Muslim Marine Recruit Was Slapped Before Falling to His Death: Report

The actions came in the wake of the death of a Muslim recruit.

— -- A Muslim Marine recruit at Parris Island boot camp in South Carolina was "forcibly slapped" in the face several times by his drill instructor moments before he ran away and fell to his death from a three story fall at his barracks, a new report said.

The Marines have ruled the March death of 20-year-old Raheel Siddiqui a suicide and a broad investigation into the treatment of Marine recruits at Parris Island has resulted in 20 Marines facing criminal charges or administrative punishment for the abuse and mistreatment of recruits.

At the time Siddiqui had been complaining that his throat hurt and “would not speak or answer when prompted.” He had fallen to the floor grabbing his neck “in apparent pain and failing to comply with orders to respond.” The drill sergeant insisted on an “an acceptable response” that precipitated his slapping Siddiqui.

The report also found that Siddiqui’s drill instructor was alleged “to have engaged in serious misconduct with a previous platoon, including hazing and verbal and physical abuse of a Muslim recruit.” Substantiation of those allegations should have led to his suspension as a drill instructor.

Five days prior to his death, Siddiqui was found to have made a suicidal threat that led to his being placed on watch and scheduled for a mental health evaluation the next day. He recanted his threat but his unit’s leadership “failed to report an allegation he made of physical abuse by his drill instructors,” the report said. The next day he was cleared for duty.

A Marine Corps statement released Thursday said "findings from the Siddiqui investigation conclude that Siddiqui's death was the result of suicide."

Democratic Congresswoman Debbie Dingell had asked the Marine Corps, on behalf of Siddiqui's family, to ascertain if his Muslim faith and Pakistani heritage may have resulted in hazing that contributed to his death.

The statement added that three command-level investigations into allegations of abuse and maltreatment at Parris Island "revealed departures from the policies and procedures established for Marine Corps recruit training, specifically within three platoons within Third Recruit Training Battalion."

"Currently, twenty Recruit Training Regiment personnel have been identified for possible military justice or administrative action," the statement said. Officials have said that the majority of those under investigation had been drill instructors.

Commanders and senior enlisted advisers at several levels "were relieved in the wake of Recruit Siddiqui's death and a number of drill instructors have been suspended," the statement said.

"When America's men and women commit to becoming Marines, we make a promise to them. We pledge to train them with firmness, fairness, dignity and compassion," said General Robert Neller, the Commandant of the Marine Corps. "Simply stated, the manner in which we make Marines is as important as the finished product. Recruit training is, and will remain, physically and mentally challenging so that we can produce disciplined, ethical, basically-trained Marines."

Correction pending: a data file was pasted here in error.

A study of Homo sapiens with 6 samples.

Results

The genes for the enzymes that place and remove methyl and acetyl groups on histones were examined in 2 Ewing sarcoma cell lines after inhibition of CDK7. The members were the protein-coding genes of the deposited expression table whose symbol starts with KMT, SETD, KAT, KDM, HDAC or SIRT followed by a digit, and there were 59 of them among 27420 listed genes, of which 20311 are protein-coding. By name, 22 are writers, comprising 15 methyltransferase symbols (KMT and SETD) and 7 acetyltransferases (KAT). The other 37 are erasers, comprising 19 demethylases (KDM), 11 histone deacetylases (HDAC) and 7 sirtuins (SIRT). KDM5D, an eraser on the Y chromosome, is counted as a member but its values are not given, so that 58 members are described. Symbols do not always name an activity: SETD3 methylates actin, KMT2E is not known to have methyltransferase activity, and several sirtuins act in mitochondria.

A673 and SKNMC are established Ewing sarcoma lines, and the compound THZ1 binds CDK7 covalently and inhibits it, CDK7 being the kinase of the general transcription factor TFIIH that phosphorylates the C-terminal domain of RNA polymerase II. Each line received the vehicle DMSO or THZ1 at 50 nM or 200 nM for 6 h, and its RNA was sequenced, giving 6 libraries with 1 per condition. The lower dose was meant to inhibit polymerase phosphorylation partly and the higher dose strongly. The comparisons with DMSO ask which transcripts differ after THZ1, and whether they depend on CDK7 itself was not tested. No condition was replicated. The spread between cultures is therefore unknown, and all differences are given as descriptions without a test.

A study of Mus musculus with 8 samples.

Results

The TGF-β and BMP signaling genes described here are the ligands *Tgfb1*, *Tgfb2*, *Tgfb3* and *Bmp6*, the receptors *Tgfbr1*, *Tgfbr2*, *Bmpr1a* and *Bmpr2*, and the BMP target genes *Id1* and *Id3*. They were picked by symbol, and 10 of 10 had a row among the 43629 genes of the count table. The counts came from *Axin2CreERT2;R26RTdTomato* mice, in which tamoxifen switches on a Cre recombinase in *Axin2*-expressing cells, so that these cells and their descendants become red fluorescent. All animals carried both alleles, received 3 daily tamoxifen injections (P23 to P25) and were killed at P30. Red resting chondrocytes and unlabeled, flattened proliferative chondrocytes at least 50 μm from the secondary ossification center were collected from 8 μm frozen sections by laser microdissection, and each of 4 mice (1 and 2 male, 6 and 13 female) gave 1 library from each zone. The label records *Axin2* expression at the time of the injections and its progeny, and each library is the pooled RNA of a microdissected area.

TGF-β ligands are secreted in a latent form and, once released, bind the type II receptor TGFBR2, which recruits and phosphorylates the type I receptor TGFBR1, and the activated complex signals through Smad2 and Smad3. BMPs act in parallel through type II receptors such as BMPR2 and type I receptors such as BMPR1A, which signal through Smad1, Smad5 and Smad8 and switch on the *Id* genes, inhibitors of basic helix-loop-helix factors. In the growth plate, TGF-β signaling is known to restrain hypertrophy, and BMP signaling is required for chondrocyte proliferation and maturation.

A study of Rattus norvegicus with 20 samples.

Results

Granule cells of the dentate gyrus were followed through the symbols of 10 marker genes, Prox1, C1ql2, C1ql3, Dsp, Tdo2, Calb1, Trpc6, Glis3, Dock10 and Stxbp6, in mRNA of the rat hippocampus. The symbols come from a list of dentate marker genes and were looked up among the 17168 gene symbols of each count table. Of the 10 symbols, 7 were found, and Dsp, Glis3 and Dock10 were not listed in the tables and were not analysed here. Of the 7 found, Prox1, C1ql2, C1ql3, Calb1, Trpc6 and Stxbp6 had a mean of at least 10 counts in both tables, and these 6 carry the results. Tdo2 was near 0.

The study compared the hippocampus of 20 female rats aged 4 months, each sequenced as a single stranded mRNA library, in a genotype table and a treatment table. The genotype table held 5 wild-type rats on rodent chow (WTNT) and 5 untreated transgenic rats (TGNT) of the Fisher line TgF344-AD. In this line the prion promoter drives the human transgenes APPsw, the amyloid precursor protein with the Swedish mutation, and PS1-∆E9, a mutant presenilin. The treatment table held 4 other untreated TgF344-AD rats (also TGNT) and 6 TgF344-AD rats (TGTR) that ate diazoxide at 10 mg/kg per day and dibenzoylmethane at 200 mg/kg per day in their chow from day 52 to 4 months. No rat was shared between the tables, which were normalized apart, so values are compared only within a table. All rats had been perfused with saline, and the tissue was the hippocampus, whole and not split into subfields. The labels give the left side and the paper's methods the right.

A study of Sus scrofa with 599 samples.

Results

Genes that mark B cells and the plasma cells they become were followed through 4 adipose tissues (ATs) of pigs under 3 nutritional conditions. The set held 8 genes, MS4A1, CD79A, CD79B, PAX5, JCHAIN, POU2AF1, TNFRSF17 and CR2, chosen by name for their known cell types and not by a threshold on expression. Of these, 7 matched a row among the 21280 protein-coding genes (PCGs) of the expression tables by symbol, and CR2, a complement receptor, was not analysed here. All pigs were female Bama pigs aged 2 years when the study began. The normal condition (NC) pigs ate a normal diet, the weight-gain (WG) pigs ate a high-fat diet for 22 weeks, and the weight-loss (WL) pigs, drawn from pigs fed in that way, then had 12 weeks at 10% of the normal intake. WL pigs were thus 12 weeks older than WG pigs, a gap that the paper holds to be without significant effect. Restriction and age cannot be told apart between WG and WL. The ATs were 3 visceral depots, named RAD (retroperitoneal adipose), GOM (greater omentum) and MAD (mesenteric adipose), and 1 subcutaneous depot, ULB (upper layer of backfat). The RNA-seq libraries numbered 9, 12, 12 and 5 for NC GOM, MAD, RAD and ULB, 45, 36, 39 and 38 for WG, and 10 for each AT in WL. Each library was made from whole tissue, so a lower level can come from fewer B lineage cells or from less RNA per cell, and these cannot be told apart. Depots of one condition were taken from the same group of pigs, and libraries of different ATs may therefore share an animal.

The investigations found "recurrent physical and verbal abuse of recruits by drill instructors, with a noted insufficiency of oversight and supervision at various command levels" said the Marine statement. And the abuse was not limited to new recruits, investigators found that new drill instructors were also mistreated by more experienced drill instructors.

The broader look at the circumstances into Siddiqui's death also determined there were "anomalies and inconsistencies in the policies and procedures responding to suicidal ideations or statements."

Neller added, "We mourn the loss of Recruit Siddiqui, and we will take every step necessary to prevent tragic events like this from happening again."

The Marine Commandant has endorsed corrective actions that have been implemented at the Marine's recruit training depots. The Parris Island recruit depot is the facility that puts Marine recruits who live east of the Mississippi River through the rigors of its intense 13-week boot camp. The Marine Corps Recruit Depot in San Diego, California, trains Marine recruits from states west of the Mississippi.

Under the changes there will be a greater officer presence at the depots as well as additional visibility and review of investigations by senior commanders. Personnel being investigated "for recruit abuse, hazing, or maltreatment" will face a mandatory suspension and there will be changes to the assignment process of drill instructors and officers to the depot.

There will also be a zero tolerance for "hat hazing" -- which is the hazing among drill instructors.

Editor’s Note: A previous version of this story incorrectly attributed some information about the number of investigations into the death of Marine recruit Raheel Siddiqui and the conclusions of the report to the Commandant of the Marine Corps. This information came from a Marine Corps statement.